It’s a term very often used, but very seldom understood, and, it may seem, even less often possessed. I certainly don’t have a good definition of the term. I doubt I possess much of it, either, whatever IT is. And, given the way many other psychiatrists use the term, I’m not entirely sure I’d want to!
That said, I do believe ‘mental health‘ does exist, and is obtainable for all of us. How so, you might ask? How could persons with, say, schizophrenia, or a severe brain injury, or chronic depression, or debilitating obsessive-compulsive disorder, actually BE mentally healthy? Well, not easily, I will admit. Nevertheless, I believe it’s possible for all of them, all of us. Importantly, I do NOT think of mental health as the complete absence of “mental illness“. To the contrary, I don’t believe the two terms are necessarily related at all. I tend to think of mental illness as a “condition”, and of mental health as a way of living. We’ll get into the differences as we go, but why don’t we start with some definition of terms.
First, what does “mental” refer to? According to Webster’s, mental is an adjective which refers to any intellectual process, or otherwise to things pertaining to the mind. Of course, this leads to the next, and bigger, question: What is the “mind”? And, what does “intellectual” mean? Well, now, these will take us a little bit deeper.
The mind, in my view, is that part of us that “thinks” and “chooses”. It is the part of us that “believes” things to be true, or to be false, and various shadings in between. It is the part of our “consciousness” (that is, the part of us that is aware of ourselves, the world around us, and of what we are feeling or experiencing at any given moment) that we can truly control. The mind is not very easy to control, granted, as our thoughts often seem to roll on and on, many times in very bothersome patterns, despite many of our efforts to stop them, or to change our thought courses. But, it is possible to control it. The mind is the seat of “attitude”, or “mindset”. This is the way it can lean toward a more positive or negative view of life at any given time, or a more fearful or more determined view. The mind is also our main “scientist”: the part of us that makes predictions about what will happen if we do this or that, and tests those predictions out. The mind takes in data from our senses, takes in the world’s responses to our words and actions, takes in data from our own emotional states, and from that data (which may be HIGHLY skewed and inaccurate) formulates beliefs about ourselves, certain other persons and entities, and the world at large. As time goes by, the mind shapes and shades those beliefs, and finds its own “comfort zone”; it forms a repertoire of action and verbal responses to others around us that it thinks typically bring rewards, and/or avoid negative results. The mind does all of this, though very seldom do we really check out just how well it’s doing its job! And that is where we get into ruts of unproductive habits, false beliefs, and inaccurate self-talk. And by the way, the mind is also responsible for talking to itself, for talking to “us”.
So, if the mind is all of that, what is it NOT? Well, in my view, emotions are not truly part of the mind. Emotions happen. They are more brain reactions than mind reactions, to various events or sensory inputs or mental thoughts. Emotions are nearly impossible to prevent, and very difficult to control. Again, they simply happen. Once emotions occur, both the brain, the body, and the mind all respond, but the body and brain respond first, with a variety of reactions that can include laughter in response to humor, tearfulness in reaction to sadness, reflexive recoiling and exclamations in reaction to fright, yelling and hitting walls in reaction to anger. The mind also reacts, though typically more slowly, unless one trains the mind to be in greater-than-usual readiness for emotions to occur.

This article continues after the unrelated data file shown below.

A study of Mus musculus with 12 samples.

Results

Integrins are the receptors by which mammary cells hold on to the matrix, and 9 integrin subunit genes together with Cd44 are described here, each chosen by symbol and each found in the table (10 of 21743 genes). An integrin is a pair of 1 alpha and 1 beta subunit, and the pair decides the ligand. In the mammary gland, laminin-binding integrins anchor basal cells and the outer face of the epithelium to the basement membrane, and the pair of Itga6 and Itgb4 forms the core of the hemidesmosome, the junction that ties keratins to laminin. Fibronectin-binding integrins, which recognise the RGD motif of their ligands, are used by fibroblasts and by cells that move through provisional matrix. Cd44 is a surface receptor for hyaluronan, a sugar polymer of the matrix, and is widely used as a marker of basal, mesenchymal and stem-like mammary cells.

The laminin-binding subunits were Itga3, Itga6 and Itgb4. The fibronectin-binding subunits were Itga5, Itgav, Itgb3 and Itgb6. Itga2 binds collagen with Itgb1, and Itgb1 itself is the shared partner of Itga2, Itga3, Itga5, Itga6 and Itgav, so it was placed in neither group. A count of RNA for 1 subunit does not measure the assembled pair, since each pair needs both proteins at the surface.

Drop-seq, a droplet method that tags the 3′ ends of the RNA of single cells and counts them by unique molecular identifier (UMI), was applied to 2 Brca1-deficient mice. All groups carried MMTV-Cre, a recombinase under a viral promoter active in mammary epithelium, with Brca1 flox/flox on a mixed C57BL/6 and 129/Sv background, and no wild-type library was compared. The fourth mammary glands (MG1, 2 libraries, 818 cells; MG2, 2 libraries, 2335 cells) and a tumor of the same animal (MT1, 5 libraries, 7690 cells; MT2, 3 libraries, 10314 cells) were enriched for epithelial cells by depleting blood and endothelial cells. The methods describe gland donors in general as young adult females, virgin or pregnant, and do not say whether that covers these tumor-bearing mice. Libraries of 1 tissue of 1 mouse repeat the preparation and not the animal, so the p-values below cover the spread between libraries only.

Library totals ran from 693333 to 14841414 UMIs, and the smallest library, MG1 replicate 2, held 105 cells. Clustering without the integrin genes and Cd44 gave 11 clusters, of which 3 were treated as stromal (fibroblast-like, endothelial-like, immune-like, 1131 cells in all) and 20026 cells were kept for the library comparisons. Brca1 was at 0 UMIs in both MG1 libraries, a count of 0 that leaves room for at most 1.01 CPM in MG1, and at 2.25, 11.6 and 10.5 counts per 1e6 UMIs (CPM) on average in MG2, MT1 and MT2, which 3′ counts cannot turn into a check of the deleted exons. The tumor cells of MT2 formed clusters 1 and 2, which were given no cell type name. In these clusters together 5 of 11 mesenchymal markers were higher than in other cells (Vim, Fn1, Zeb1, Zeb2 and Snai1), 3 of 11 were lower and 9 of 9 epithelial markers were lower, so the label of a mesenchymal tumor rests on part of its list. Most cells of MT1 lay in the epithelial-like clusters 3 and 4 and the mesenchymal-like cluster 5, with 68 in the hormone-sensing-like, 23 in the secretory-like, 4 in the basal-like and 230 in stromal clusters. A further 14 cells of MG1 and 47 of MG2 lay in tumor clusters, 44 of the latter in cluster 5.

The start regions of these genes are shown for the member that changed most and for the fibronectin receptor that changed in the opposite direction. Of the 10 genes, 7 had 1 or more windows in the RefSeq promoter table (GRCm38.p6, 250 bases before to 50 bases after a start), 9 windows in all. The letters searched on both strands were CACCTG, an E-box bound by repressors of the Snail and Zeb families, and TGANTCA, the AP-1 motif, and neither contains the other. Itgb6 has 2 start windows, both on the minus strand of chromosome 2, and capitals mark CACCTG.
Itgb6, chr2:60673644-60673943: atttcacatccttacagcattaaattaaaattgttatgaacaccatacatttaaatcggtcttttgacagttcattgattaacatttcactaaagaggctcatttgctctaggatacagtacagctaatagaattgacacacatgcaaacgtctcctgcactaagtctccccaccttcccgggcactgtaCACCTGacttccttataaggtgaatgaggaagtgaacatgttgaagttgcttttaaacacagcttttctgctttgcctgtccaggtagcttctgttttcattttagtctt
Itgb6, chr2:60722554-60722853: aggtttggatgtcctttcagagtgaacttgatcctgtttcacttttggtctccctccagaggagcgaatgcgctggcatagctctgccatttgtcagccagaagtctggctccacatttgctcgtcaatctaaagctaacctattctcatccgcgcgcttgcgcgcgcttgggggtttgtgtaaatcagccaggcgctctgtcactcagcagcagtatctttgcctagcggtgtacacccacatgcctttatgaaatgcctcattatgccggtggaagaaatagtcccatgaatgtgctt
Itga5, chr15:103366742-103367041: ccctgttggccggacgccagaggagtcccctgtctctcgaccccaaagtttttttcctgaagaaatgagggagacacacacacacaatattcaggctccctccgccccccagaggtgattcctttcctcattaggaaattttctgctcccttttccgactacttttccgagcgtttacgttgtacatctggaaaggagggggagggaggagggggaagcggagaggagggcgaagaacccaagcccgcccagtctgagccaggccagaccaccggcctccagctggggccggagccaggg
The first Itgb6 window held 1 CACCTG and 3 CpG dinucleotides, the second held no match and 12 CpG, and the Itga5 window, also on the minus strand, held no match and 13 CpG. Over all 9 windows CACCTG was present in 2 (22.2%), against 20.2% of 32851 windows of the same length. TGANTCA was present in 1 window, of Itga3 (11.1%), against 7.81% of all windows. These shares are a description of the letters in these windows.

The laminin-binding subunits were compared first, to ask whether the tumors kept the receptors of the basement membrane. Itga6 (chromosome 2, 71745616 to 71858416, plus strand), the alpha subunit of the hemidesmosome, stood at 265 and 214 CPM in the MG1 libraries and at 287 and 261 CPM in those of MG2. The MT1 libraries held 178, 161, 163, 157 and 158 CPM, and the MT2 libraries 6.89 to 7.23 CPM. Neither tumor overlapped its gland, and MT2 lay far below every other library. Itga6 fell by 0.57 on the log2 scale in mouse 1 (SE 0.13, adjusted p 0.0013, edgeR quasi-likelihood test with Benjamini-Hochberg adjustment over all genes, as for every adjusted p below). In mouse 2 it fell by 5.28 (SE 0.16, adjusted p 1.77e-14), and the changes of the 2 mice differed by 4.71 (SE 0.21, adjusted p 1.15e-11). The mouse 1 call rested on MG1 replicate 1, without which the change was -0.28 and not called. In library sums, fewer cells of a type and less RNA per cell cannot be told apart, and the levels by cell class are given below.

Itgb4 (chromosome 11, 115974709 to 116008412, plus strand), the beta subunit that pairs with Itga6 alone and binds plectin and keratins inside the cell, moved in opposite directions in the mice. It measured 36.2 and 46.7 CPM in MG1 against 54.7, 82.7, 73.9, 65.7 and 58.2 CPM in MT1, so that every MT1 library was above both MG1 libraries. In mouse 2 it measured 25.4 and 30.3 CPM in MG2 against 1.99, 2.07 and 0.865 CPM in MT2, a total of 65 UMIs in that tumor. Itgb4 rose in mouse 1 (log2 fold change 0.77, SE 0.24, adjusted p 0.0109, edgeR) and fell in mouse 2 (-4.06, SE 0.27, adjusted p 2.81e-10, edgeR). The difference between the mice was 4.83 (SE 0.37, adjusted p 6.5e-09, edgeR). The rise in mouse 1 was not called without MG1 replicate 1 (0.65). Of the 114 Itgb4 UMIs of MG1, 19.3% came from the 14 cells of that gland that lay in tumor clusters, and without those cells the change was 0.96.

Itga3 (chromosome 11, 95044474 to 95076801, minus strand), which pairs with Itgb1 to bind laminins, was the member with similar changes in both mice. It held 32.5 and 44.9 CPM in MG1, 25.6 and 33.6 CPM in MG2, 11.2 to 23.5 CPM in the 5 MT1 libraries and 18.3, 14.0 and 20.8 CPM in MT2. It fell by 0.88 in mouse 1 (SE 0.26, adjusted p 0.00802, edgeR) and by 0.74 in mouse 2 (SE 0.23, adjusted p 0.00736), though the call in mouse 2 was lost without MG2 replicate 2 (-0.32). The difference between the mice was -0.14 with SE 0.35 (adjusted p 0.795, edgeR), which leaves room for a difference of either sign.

As implied above, I also do not see the brain itself as part of the mind. I don’t believe the mind can exist without the brain, and thus if or when the brain ceases activity, the mind fades out. However, I see the mind as more than just a grand symphony resulting from the accumulated firing of thousands or perhaps millions of neurons at any given time. Most other neuroscientists would perhaps disagree with me, but in a purely neurological and physical sense, I believe ‘mind’ transcends physical neuronal function. That symphony known as our consciousness takes on a life of its own as we mature, and I prefer to think of it has having sovereign powers that the brain itself does not possess. No doubt, though, there is an undeniable connection between mind and brain, but I don’t think of them as one and the same.
Finally, the mind is not the soul. This, of course, is a matter of faith, but my innermost self, which I believe is my “soul”, proclaims to me that it is more than body, more than brain, and more than mind. It is. It has no language. It inhabits, but also transcends, my mind. It is where my deepest longings and yearnings stem from, and, I believe, where my deepest connection with the Creator exists.
All of these things are the mere beginnings of discussions, and will wait for another day, another post.
For now, let it suffice to say that from the vision of the mind we will launch into a fuller discussion of what I see as obtainable mental health.
Please, if you’ve read this far, stick around! I promise to get us back home to Kansas soon!